Wednesday, February 24, 2010

The Rightto be Left Alone

Reading the Second half of Dress Your Family in Corduroy and Denim was very different than reading the first half of it. There is an important effect on how I reacted to Sedaris’ stories and his humor created by the closing of the gap in time between the events and the publication of the book. Sedaris writes many of these stories pretty much as they were happening, rather than decades later, and that makes a difference I think.
While I still find a lot of what he says interesting and funny, I think the “mean-ness” of what he writes about his siblings, especially that one visit to Lisa. I guess this disproves my theory of funny and mean being mutually exlusive, but though much of Sedaris’ humor is at the expense of Lisa, among other people, that isn’t really the type of mean-ness I am referring to. That mean-ness was present in the first half of the book as well, mitigated slightly by the fact that Sedaris was making funny of who people had been 30+ years ago rather than how they are right now, but still present.

What I’m talking about is the fact that as Sedaris’ writing and publishing of these books in somewhat real-time is to a point where it’s effecting the lives of his family members. What is also clear is that Sedaris is well aware of this fact. He mentions how his family members are afraid to tell him things, and precede everything they speak about with a disclaimer frequently forbidding him to repeat or write about it. Lisa’s reaction to the potential movie about their lives reveals that it’s not something she wants to deal with; she seems like she wants to be left alone. In my communications ethics class last semester we read the Right to Privacy by Brandeis, and he talks about the basic right that is entitled to all citizens of this country; “The right to be left alone.” Not that any of his siblings seem like they would take legal action to stop him from writing what he wants about them, but as someone who cares about them, and sees that a lot of times what he’s doing hurts them (to the point where he needs to imagine they are choosing to live the lives he imposes on them in order to sleep at night), doesn’t Sedaris owe them and the rights they are entitled to some kind of respect? Can’t he find something else to write about?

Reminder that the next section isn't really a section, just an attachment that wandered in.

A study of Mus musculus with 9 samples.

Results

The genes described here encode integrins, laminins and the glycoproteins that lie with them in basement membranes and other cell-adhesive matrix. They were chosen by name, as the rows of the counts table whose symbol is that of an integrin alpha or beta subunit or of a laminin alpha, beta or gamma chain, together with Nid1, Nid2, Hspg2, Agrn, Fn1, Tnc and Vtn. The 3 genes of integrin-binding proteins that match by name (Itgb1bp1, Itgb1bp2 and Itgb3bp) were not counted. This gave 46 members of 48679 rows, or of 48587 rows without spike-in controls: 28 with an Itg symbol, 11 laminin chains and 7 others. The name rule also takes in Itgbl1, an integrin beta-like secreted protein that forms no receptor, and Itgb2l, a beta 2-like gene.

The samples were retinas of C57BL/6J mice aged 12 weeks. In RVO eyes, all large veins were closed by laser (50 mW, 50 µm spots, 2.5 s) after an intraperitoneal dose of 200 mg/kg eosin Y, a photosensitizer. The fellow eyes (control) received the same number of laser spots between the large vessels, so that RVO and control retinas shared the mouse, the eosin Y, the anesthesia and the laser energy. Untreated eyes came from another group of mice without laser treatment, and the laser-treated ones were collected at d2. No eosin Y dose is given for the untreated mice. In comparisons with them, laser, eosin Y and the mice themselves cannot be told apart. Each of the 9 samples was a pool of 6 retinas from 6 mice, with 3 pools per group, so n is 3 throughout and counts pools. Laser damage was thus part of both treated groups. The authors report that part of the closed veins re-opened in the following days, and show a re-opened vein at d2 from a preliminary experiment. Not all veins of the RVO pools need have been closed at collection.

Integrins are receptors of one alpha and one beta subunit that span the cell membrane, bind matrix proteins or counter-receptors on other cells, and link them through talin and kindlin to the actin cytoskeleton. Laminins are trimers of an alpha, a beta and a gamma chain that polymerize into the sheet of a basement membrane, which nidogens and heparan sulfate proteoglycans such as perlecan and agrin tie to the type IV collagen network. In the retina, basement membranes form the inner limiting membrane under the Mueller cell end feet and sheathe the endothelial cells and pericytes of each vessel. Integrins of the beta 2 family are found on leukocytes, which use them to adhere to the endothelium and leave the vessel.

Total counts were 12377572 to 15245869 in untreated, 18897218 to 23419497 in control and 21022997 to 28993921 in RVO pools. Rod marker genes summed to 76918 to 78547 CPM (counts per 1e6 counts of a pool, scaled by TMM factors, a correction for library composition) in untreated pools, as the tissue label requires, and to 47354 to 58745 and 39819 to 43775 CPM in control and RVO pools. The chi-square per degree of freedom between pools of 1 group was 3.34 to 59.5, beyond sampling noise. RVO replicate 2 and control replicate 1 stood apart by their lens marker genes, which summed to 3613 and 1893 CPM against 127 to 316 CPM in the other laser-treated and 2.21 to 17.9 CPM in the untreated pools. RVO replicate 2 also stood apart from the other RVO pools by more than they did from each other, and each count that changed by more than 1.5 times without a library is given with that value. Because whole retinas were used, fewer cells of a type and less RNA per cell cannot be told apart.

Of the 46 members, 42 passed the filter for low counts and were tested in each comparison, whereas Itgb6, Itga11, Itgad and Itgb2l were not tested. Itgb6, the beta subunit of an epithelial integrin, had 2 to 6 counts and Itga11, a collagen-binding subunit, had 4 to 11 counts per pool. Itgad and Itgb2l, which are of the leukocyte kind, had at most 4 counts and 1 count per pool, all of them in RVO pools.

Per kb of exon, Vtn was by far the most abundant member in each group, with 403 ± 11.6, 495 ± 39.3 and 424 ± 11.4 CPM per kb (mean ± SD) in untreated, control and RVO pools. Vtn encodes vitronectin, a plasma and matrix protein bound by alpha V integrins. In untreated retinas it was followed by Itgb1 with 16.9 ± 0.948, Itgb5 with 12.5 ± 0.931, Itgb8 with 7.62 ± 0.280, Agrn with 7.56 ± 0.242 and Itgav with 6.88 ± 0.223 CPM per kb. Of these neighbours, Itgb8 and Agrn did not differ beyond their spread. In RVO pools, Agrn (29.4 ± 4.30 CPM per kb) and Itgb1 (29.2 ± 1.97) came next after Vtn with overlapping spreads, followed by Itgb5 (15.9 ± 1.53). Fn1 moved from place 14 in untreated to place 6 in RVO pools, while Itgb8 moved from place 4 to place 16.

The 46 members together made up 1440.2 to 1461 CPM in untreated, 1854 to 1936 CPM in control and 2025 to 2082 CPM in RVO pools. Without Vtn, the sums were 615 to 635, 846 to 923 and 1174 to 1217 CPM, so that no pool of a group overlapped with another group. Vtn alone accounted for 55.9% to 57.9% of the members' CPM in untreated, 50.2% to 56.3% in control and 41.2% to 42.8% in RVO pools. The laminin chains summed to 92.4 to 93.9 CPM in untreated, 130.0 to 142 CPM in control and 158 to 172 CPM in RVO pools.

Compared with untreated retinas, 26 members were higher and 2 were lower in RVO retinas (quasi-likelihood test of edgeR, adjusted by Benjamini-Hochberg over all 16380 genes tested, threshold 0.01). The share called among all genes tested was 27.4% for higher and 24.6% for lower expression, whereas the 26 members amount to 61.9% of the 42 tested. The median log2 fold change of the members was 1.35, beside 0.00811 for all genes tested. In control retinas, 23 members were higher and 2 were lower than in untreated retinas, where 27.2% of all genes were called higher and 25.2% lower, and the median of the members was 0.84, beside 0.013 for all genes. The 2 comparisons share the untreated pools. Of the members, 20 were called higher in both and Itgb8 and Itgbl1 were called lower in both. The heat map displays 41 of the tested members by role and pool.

Sedaris says it was harder to tell his stories when a family member is in the audience, but when he writes a book aren’t all of them there? He just doesn’t need to face them. Sedaris is so aware of this effect, and it seems to really matter to him; but not enough to prevent him from writing what he does. He’s almost apologetic, and by acknowledging explicitly that he realizes that making his family’s lives “pieces of scrap” he can use to construct humorous essays in some ways wrong and unfair to them, it almost seems like he’s trying to rationalize what he does. By doing something, and then saying something to the extent of ‘It was wrong of me to do that,’ does it make it not as bad? After Sedaris talks about the reasons why he shouldn’t do what he does, he describes Lisa and her parrot “setting each other off” crying together all night long for weeks after their mother died. I laughed at this, because it was really funny. But I also underlined it and wrote “Lisa is a sad individual.” And I thought, Lisa shouldn’t have to be subjected to my judgment in moments of her weakness, one of her lowest points exposed to people all over the country. Part of me thought Sedaris should leave her alone.